Tech Blitz: Facebook Developers Attract Women and Minorities

Izenda Content Strategist


By Bob Pepalis, Izenda

bob.pepalis@izenda.com
Each month we take a look at recent technology news to spot the trends and advances in software and other industries. If you spot a piece of news that should be shared or have a comment, send it to me via email.

Facebook Developers' Conference Attracts More Women, Minorities
More women and minorities were attending Facebook's annual developers' conference, F8, this week (April 18-19, 2017), according to demographics shared with TechCrunch. Women who registered represented a nearly 5 percent increase from last year, up to 28.7 percent.

While F8's demographics show it's more racially diverse, it's not the same when it comes to gender. Facebook said racial minorities make up just 10 percent of its U.S. employees, but attendees of these underrepresented ethnicities in tech reached 19.3 percent. But while 33 percent of its employees are female, only 28.7 percent of 58 attendees are female.

Workers Assembling iPhones Stuck in Monotonous Job
After spending a few weeks one summer at a window assembly plant, I don't envy a New York University student who worked long overtime hours at a factory in China assembling iPhones in a six-week project. His 12-hour days included typical tasks such as inserting a single screw into iPhones on the assembly line, repeating that task for hours for pay reportedly slightly higher than minimum wage in Shanghai, China, according to a Business Insider report.

Like hundreds of thousands of workers in China, Dejian Zeng slept in a shared dorm room and ate most meals at the factory canteen. The difference between him and other workers was that as a grad student at NYU, he didn't need to work.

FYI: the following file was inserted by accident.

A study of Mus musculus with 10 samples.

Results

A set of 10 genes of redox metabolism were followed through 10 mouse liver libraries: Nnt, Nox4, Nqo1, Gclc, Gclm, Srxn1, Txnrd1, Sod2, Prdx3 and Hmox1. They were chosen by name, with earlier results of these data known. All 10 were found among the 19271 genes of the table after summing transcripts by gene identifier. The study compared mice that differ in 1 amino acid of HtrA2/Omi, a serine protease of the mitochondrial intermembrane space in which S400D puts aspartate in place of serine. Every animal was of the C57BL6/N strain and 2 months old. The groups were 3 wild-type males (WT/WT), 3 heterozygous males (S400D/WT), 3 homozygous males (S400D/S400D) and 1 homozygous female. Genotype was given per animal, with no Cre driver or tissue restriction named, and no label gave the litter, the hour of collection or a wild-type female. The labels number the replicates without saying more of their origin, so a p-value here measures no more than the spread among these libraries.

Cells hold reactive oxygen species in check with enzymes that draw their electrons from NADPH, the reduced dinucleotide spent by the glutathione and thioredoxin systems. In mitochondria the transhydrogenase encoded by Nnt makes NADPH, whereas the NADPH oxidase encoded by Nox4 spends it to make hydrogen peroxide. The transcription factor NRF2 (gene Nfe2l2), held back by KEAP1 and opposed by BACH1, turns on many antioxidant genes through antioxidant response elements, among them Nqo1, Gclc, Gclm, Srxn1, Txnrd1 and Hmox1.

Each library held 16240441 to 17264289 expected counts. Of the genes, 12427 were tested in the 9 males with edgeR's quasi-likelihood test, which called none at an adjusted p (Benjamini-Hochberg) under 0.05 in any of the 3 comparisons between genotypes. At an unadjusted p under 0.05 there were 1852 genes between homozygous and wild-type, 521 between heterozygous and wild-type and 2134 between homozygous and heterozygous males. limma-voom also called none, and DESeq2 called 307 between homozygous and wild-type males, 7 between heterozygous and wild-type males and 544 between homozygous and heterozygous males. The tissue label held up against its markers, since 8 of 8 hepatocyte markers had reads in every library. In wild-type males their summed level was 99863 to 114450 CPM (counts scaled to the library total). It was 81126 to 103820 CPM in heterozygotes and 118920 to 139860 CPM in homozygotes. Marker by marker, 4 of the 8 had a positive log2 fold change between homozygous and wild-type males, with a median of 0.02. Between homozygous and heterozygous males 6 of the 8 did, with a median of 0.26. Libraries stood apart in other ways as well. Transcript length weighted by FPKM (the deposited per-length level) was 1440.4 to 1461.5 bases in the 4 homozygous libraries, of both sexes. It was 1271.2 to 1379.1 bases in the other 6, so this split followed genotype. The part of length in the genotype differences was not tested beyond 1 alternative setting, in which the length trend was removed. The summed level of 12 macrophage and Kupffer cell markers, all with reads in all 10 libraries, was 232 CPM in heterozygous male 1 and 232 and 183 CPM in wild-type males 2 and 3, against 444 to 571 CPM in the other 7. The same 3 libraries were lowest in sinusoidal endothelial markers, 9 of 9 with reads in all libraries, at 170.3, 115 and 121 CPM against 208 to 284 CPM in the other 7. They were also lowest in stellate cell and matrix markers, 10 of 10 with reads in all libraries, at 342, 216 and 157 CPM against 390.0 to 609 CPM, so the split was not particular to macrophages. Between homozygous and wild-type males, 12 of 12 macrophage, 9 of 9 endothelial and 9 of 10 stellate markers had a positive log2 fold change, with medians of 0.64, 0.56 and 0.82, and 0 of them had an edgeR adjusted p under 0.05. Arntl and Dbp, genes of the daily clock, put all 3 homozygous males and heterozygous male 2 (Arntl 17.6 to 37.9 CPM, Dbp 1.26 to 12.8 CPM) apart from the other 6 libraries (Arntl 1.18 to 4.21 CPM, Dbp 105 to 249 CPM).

During the day, he and other workers slept in a shared dorm room. The cycle started over again every evening for six days a week. Rest seemed to be the main concern for workers caught in long hours with few breaks and lots of monotony.

VA Plans to Leave Software to the Experts
At least one federal agency plans to get out of the software development business. Acting Veterans Affairs CIO Rob Thomas revealed the plan at the Government Information Technology Executive Council Summit earlier this month, according to a FedScoop.com report.

"We're getting out of the software development business - it's not a core competency," acting VA CIO Rob Thomas said.

The VA will go full into commercial, doing software-as-a-service, platform-as-a-service and infrastructure-as-a-service. The VA still has some systems running on COBOL programming. Thomas said they've made modernizing those systems the top priority for this year.

(Also check out FedScoop's "Top Women in Tech 2017" list.)

Microsoft Joins Push into Serverless Computing
Developers won't have to spin up virtual machines, worry about installing applications, or managing other elements of the system if people like Microsoft Azure CTO Mark Russinovich have their way.

Developers have fewer worries in spinning up virtual machines as the code is handled directly by the cloud service, with pre-defined events triggering actions. As is the case for most cloud services, developers and companies get charged based on the resources applications use.

"This is like a nirvana for developers," Russinovich said at the company's Redmond headquarters last week, according to GeekWire.